Word Confusion: Curser versus Cursor

Posted May 19, 2014 by Kathy Davie in Author Resources, Editing, Self-Editing, Word Confusions, Writing

I can’t begin to count the number of times I have been a curser when I’m shoving my cursor around on my computer…

Curser is one of those infrequently used words that rarely appear in a story, so it’s quite disconcerting when I run across a curser in text. It immediately conjures up images of witch doctors shaking a bone rattle, perhaps stirring a cauldron of boiling…something…ick…

Now when I run across the word cursor, I’m expecting to see instructions on how to do something on my computer or something involving computers in a story, so you can imagine what a jerk it is on my imagination when someone tells me to use my curser to point to a link and click. Ahem.

Word Confusions…

…started as my way of dealing with a professional frustration with properly spelled words that were out of context in manuscripts I was editing as well as books I was reviewing. It evolved into a sharing of information with y’all. I’m hoping you’ll share with us words that have been a bête noir for you from either end. Consider sharing this Word Confusion with friends by tweeting it.

Curser Cursor
Credit to: Free Dictionary; Merriam-Webster; Mighty Red Pen

Photo Credit: Content Providers(s): CDC [Public domain], via Wikimedia Commons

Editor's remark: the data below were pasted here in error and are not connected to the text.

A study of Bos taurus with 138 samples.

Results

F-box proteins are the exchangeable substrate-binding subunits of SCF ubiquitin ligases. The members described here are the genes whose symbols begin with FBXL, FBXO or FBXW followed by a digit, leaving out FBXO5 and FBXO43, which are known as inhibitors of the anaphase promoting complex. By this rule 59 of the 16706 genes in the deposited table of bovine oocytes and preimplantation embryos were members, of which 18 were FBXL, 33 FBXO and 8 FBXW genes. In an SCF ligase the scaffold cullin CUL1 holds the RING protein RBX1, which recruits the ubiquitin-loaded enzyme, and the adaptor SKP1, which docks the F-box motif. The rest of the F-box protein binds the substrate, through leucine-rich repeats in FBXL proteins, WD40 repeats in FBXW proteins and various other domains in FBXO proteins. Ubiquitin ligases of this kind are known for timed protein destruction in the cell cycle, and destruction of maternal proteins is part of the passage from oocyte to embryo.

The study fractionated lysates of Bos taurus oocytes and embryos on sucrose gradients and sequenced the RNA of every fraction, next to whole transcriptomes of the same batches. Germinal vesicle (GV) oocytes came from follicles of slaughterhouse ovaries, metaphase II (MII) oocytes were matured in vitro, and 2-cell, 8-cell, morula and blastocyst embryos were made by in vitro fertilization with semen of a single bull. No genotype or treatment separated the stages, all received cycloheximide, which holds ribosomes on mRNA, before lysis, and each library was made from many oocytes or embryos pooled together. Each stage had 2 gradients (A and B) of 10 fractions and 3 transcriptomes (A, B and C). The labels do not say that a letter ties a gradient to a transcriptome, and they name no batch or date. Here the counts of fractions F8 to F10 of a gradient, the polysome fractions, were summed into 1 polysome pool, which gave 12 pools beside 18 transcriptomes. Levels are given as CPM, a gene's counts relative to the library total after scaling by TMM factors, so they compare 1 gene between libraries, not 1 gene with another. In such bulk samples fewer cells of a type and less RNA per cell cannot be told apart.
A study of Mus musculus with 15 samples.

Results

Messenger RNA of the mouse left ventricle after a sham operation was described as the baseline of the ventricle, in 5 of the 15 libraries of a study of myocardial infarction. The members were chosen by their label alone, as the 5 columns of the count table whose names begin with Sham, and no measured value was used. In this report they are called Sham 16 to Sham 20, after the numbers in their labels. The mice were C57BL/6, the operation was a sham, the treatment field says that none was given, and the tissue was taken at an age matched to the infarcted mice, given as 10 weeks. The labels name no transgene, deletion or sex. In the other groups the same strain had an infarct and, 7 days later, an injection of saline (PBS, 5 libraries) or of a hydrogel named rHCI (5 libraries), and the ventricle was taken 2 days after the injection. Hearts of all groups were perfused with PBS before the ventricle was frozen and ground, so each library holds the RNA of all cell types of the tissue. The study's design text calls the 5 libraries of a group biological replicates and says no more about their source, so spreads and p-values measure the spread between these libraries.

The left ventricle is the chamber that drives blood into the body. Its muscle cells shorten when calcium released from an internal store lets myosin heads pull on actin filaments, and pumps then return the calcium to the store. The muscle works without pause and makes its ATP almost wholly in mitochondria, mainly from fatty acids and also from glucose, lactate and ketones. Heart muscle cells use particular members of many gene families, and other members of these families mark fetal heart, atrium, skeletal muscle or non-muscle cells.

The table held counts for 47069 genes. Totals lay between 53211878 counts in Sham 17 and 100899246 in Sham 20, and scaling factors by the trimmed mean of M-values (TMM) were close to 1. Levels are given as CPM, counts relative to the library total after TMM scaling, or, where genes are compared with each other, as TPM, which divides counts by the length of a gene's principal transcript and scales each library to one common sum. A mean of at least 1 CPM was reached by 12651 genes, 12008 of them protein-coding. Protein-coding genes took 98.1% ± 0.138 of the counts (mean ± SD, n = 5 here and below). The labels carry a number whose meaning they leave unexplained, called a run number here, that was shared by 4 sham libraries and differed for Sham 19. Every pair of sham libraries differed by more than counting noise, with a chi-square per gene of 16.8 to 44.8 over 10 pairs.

Image by Ort43v (Own work) [CC-BY-SA-3.0], via Wikimedia Commons

Part of Grammar:
Noun Noun
One who places a curse on another person or object A mark on a computer screen that shows the place where information is being entered or read

  • A movable item used to mark a position
  • A transparent slide with a line attached to a slide rule
  • A visual cue (as a flashing rectangle) on a video display that indicates position (as for data entry)
Examples:
The curser uttered imprecations under his breath while he waved his arms. Click to place the cursor in the field before starting to type.

Dang, where’s that cursor?

When a cursor changes to a hand image, it indicates a hyperlink.

Derivatives:
Adjective: uncursing
Noun: [Informal] cuss
Verb: [Informal] cuss, outcursed, outcursing
Verb, transitive: outcurse
History of the Word:
The word, curse, is Middle English, from the Old English curs. First Known Use: 1594

From the Latin currere meaning runner.

C’mon, get it out of your system, bitch, whine, moan…which words are your pet peeves?